Frank Pitman has been part of the Hope & Cope family since 2011. He has devoted over a decade to raising awareness about colorectal cancer. His journey began with a personal tragedy but has since transformed into a mission to educate others and save lives.
Born and raised in Laval, he attended McGill University, where he studied English literature. Yet, his life’s work has been far from academia. Instead, it took a different turn when he lost his sister to colorectal cancer.
“My younger sister was diagnosed with advanced colorectal cancer in 1999,” he explains. “At that time, I had no knowledge of colorectal cancer.”
Frank’s sister passed away a year later at just 44 years old. He served as her principal caregiver throughout her battle, a role that deeply impacted him.
At first, he wanted to distance himself from hospitals and cancer discussions. However, his own experience with colorectal cancer ignited his passion for patient advocacy.
“My sister died for no reason because her cancer was preventable,” he says. “When I got it, I didn’t have to. If someone had told me that I was more at risk because of my family history, then I would have pushed to get a colonoscopy.”
Fortunately, doctors caught Frank’s cancer early while it was still treatable with surgery alone. But he could have avoided it entirely with better information and proper screening.
The Importance of Screening for Colorectal Cancer Symptoms
Through his work with the (CCRAN), Frank educates people about the need for timely intervention and the importance of being proactive in taking care of your health.
“The number one thing is to get screened, even if you don’t have symptoms,” he explains.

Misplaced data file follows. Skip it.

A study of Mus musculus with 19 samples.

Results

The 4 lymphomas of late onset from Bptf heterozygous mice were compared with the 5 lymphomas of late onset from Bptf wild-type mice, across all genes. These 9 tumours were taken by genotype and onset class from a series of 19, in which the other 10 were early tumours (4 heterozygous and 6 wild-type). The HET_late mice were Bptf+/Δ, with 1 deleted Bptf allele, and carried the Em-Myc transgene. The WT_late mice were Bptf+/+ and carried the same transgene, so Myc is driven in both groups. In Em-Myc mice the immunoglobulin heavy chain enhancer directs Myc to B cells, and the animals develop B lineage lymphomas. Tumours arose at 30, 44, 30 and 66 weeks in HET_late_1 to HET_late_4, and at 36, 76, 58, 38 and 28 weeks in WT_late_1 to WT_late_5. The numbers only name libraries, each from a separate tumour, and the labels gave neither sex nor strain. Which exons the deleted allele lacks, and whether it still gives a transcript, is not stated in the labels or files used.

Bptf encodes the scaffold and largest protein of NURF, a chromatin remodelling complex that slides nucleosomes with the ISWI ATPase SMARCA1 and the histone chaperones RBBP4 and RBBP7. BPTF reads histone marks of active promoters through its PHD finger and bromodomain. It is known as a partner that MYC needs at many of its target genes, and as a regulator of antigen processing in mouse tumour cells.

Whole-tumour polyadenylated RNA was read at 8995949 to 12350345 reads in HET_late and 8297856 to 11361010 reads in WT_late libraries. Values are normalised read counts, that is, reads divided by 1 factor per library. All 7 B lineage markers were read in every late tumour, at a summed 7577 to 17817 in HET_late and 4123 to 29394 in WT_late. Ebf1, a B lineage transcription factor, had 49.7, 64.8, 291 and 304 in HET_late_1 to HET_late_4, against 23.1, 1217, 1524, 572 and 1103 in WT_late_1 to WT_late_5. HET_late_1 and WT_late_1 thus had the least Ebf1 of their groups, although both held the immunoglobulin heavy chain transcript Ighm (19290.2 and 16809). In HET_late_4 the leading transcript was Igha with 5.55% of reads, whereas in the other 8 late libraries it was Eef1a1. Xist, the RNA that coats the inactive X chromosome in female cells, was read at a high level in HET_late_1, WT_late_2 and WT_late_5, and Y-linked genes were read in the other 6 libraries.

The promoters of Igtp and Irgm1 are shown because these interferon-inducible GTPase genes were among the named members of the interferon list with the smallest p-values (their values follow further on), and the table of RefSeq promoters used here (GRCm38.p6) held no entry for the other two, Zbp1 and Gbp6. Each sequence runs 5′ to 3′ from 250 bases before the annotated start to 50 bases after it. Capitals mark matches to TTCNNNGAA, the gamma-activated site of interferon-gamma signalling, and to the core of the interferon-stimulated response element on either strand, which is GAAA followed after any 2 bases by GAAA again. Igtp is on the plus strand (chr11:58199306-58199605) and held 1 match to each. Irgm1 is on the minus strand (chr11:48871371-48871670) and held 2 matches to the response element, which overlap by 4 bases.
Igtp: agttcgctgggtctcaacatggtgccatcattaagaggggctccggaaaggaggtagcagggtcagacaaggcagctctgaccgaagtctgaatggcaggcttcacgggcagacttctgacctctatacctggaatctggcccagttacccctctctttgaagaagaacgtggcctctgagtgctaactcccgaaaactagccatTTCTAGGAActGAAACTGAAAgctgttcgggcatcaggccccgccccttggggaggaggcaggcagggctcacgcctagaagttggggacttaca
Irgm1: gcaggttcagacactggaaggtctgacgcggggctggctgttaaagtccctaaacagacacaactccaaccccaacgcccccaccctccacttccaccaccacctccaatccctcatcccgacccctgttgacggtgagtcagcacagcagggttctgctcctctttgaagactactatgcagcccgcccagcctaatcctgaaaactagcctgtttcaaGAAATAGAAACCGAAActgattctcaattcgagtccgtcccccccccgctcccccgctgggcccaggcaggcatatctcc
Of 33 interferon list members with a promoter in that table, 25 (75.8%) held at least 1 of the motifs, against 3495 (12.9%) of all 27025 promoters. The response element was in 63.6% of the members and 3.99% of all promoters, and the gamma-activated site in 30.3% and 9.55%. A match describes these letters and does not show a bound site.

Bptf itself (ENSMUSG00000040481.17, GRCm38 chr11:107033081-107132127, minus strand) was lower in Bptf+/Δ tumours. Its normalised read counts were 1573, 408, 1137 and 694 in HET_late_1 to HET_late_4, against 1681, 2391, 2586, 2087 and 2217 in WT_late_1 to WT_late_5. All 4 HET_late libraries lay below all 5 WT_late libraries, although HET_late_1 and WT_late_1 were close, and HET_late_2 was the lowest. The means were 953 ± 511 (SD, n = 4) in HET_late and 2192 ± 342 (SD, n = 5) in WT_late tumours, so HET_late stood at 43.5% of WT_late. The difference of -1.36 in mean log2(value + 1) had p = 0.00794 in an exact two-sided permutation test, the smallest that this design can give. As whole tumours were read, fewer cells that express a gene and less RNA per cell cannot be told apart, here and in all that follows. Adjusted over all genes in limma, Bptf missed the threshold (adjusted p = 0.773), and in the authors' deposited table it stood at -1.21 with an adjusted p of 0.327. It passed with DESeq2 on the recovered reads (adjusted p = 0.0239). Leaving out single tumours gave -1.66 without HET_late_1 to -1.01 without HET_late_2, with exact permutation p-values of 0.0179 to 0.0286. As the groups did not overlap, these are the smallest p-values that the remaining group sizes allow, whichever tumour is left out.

The goal of screening is to catch cancer symptoms at a pre-cancer stage when polyps can be removed before they develop into a malignant tumor. If caught early enough, colorectal cancer is highly treatable.
One concerning trend Frank mentions is the increasing number of colorectal cancer diagnoses in people under 50, with a decrease in people over 50. Part of it is due to early screening.
However, younger populations often overlook their symptoms or receive incorrect diagnoses from medical practitioners. So when the cancer is diagnosed, it happens at a later stage. This can happen because many people mistakenly believe they’re too young to have colorectal cancer.
Frank stresses that colorectal cancer can affect anyone, regardless of age.
Don’t Ignore Symptoms
Some potential indicators of colorectal cancer include:
blood in the stool
persistent constipation or diarrhea
narrow or abnormal-looking stools
bowel movements that leave you feeling like you aren’t completely empty
While these symptoms may not necessarily mean you have colorectal cancer, they should be investigated further.
Frank shares that when he first saw blood in his stool, doctors attributed it to hemorrhoids. He has since met many colorectal cancer patients who initially received a similar diagnosis. He urges people to take any instances of blood in the stool seriously and to advocate for a colonoscopy if necessary.
Unfortunately, many people avoid discussing their bowel movements or seeking medical attention due to embarrassment. As a result, they can literally die from shame.
His message is clear: prioritize your health, be proactive, and don’t let embarrassment or fear prevent you from seeking the care you need. Early detection and intervention can make a significant difference in the treatment and prognosis of colorectal cancer.
“When it comes to how we poop, people are hesitant to talk about it. But if you have any symptoms whatsoever, bring it to your doctor’s attention,” Frank insists. “If you don’t like the answer you get, please be vigilant and proactive. Insist on a colonoscopy.”
This is part 1 of Frank’s story. In part 2, we’ll talk about how volunteering with Hope & Cope, Colorectal Cancer Canada, and CCRAN has impacted the community and his life. And we’ll also talk about the Jumbo Colon! Stay tuned! In the meantime, you can reach Frank at email@example.com.
March is colorectal cancer awareness month. If you, or someone you love, have been diagnosed with cancer and need help, we’re here for you. All you need to do is contact us.